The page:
America's anti-drugs agency is investigating the death of pop star Michael Jackson, it emerged today.
The Drug Enforcement Administration (DEA) was called in by Los Angeles police to assist as they probe allegations the star was on powerful painkillers, sedatives and antidepressants, sources close to the investigation said.
The agency has vast experience in dealing with drug abuse and could evaluate the potential role of illegal drug manufacturers known as pill mills.
Speaking today, Jermaine Jackson said he would be "hurt" if toxicology reports showed his brother had abused prescription drugs.
He told NBC he did not know of any drug abuse by the 50-year-old, who died last Thursday in LA.
But he added: "In this business, the pressure and things that you go through, you never know what one turns to."
Jackson's friend Uri Geller said today he attempted to keep the pop singer away from painkillers, but others in Jackson's inner circle were prepared to supply him with medications.
"When Michael asked for something, he got it. That was the great tragedy," the medium said.
Meanwhile, plans for Jackson's funeral were still being worked on today, with fans still waiting to hear if and where a public memorial would take place.
His brother Jermaine said he believed Neverland - the singer's vast estate in Santa Barbara, California - should be the King of Pop's final resting place.
But earlier speculation that a memorial at which fans could attend would take place at Neverland appears to have been ruled out.
A statement released last night by Sunshine, Sachs & Associates, the public relations firm employed by the Jackson family, read: "Contrary to previous news reports, the Jackson family is officially stating that there will be no public or private viewing at Neverland.
"Plans are under way regarding a public memorial for Michael Jackson, and we will announce those plans shortly."
Today more details were released regarding what is believed to be the singer's last will.
The seven-year-old document was filed in a LA court yesterday, leaving Jackson's entire estate to a family trust and naming his mother Katherine and his three children as beneficiaries.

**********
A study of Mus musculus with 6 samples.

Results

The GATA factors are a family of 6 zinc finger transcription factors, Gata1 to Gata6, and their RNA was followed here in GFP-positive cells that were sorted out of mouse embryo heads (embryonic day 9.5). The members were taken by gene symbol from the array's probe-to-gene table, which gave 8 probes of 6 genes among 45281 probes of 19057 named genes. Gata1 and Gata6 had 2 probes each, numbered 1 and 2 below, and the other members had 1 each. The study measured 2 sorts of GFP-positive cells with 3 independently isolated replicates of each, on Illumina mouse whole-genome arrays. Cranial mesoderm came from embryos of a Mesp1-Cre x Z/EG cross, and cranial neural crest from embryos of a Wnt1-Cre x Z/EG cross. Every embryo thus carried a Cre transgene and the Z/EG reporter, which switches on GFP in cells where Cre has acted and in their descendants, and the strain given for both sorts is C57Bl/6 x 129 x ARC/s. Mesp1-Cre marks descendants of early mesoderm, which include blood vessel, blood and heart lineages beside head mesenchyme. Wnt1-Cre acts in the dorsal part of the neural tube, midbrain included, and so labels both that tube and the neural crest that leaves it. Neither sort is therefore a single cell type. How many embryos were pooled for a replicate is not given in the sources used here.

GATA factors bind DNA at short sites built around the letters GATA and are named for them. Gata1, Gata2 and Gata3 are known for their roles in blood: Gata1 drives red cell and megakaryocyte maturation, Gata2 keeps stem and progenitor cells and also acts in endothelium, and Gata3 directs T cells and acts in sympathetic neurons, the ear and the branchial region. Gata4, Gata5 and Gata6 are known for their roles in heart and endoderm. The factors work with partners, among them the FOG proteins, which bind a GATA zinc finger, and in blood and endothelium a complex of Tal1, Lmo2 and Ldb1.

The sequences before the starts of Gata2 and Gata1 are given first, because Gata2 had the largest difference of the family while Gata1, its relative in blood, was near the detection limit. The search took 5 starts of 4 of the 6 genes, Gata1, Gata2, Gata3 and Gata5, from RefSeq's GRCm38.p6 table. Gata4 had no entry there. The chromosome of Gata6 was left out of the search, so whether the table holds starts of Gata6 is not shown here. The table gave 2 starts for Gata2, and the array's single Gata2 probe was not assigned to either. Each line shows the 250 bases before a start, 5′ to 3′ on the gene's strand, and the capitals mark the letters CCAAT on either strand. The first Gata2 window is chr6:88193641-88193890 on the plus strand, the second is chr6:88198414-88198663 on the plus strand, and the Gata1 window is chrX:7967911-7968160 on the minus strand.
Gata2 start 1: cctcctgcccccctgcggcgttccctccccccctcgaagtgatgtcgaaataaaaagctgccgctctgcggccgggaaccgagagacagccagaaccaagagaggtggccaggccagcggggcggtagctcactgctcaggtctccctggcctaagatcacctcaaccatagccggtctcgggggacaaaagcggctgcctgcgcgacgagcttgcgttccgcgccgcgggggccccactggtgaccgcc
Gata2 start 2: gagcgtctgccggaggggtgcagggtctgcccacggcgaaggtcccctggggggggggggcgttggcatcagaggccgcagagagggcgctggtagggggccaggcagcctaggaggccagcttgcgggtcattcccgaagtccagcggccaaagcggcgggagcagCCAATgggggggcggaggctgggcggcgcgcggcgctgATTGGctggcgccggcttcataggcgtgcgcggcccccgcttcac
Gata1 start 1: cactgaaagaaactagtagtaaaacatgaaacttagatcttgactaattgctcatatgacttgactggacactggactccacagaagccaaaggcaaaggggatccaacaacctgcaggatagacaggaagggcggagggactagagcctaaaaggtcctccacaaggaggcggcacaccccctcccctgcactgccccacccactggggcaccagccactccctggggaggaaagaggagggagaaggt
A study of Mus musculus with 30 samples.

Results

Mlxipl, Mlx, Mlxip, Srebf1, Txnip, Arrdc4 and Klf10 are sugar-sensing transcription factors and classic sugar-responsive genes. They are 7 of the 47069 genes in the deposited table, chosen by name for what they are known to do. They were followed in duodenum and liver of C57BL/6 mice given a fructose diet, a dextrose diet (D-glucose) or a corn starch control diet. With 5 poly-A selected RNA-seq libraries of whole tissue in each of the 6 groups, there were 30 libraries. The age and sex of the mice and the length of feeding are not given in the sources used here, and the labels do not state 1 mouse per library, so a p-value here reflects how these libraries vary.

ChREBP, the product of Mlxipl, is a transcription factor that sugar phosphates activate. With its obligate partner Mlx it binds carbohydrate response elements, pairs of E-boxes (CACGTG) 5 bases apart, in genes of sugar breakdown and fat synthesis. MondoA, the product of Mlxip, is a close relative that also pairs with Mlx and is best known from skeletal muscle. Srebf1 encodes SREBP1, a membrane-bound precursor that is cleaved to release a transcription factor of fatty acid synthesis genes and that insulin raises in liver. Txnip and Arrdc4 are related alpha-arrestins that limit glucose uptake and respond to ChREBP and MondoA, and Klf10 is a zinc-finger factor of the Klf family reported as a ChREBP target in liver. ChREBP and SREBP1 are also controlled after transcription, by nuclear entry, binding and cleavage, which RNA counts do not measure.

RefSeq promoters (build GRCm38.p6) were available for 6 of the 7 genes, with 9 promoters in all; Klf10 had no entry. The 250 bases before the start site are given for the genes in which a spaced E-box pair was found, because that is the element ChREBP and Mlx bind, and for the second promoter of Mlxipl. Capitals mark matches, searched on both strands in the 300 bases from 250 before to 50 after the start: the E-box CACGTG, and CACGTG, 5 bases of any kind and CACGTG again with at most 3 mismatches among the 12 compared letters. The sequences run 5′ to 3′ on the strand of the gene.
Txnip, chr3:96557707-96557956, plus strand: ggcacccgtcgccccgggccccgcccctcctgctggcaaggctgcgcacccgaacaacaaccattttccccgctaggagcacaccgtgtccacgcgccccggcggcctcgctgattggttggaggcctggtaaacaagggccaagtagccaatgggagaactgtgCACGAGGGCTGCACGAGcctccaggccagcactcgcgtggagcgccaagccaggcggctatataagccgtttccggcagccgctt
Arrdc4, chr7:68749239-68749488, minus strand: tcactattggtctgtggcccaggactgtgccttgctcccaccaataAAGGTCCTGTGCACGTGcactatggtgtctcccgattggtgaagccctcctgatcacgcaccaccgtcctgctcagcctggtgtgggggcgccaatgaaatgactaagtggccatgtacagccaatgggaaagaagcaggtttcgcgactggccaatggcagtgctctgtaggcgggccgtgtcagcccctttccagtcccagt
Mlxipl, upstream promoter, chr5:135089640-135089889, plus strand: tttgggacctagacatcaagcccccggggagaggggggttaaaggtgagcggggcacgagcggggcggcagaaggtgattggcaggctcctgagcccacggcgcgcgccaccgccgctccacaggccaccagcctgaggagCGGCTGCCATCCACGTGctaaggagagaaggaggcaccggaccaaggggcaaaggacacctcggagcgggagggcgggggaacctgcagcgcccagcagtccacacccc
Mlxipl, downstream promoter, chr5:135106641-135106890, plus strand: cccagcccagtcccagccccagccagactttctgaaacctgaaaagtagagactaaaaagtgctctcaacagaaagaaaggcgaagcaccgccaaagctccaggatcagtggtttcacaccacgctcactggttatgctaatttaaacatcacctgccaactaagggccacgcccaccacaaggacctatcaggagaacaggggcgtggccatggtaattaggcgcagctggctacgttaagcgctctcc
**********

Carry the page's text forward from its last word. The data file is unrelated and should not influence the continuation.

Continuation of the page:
Jackson's estate was estimated to be worth £306 million at the time the will was written, but tougher economic times for the singer since means his fortune is likely to have been considerably less when he died.
His mother was yesterday appointed guardian of Jackson's children, with Motown singer Diana Ross named successor in the event something happens to their grandmother.
Joe Jackson, Michael's father, was not named in the will.
Neither was Debbie Rowe, the singer's ex-wife and mother of two of his children.
Superior Court Judge Mitchell Beckloff has called for a speedy compromise between attorneys for Mrs Jackson and the two co-executors of Michael Jackson's will - lawyer John Branca and John McClain, a music executive and a family friend.
"I would like the family to sit down and try to make this work so that we don't have a difficult time in court," the judge said yesterday.
In a statement, the two executors said: "As we work to carry out Michael's instructions to safeguard both the future of his children as well as the remarkable legacy he left us as an artist, we ask that all matters involving his estate be handled with the dignity and the respect that Michael and his family deserve."
Jackson had been booked to play 50 gigs at the O2 arena in London starting later this month.
His tour promoter Randy Phillips, president of AEG Live, said he hoped there could be tribute concerts to Jackson.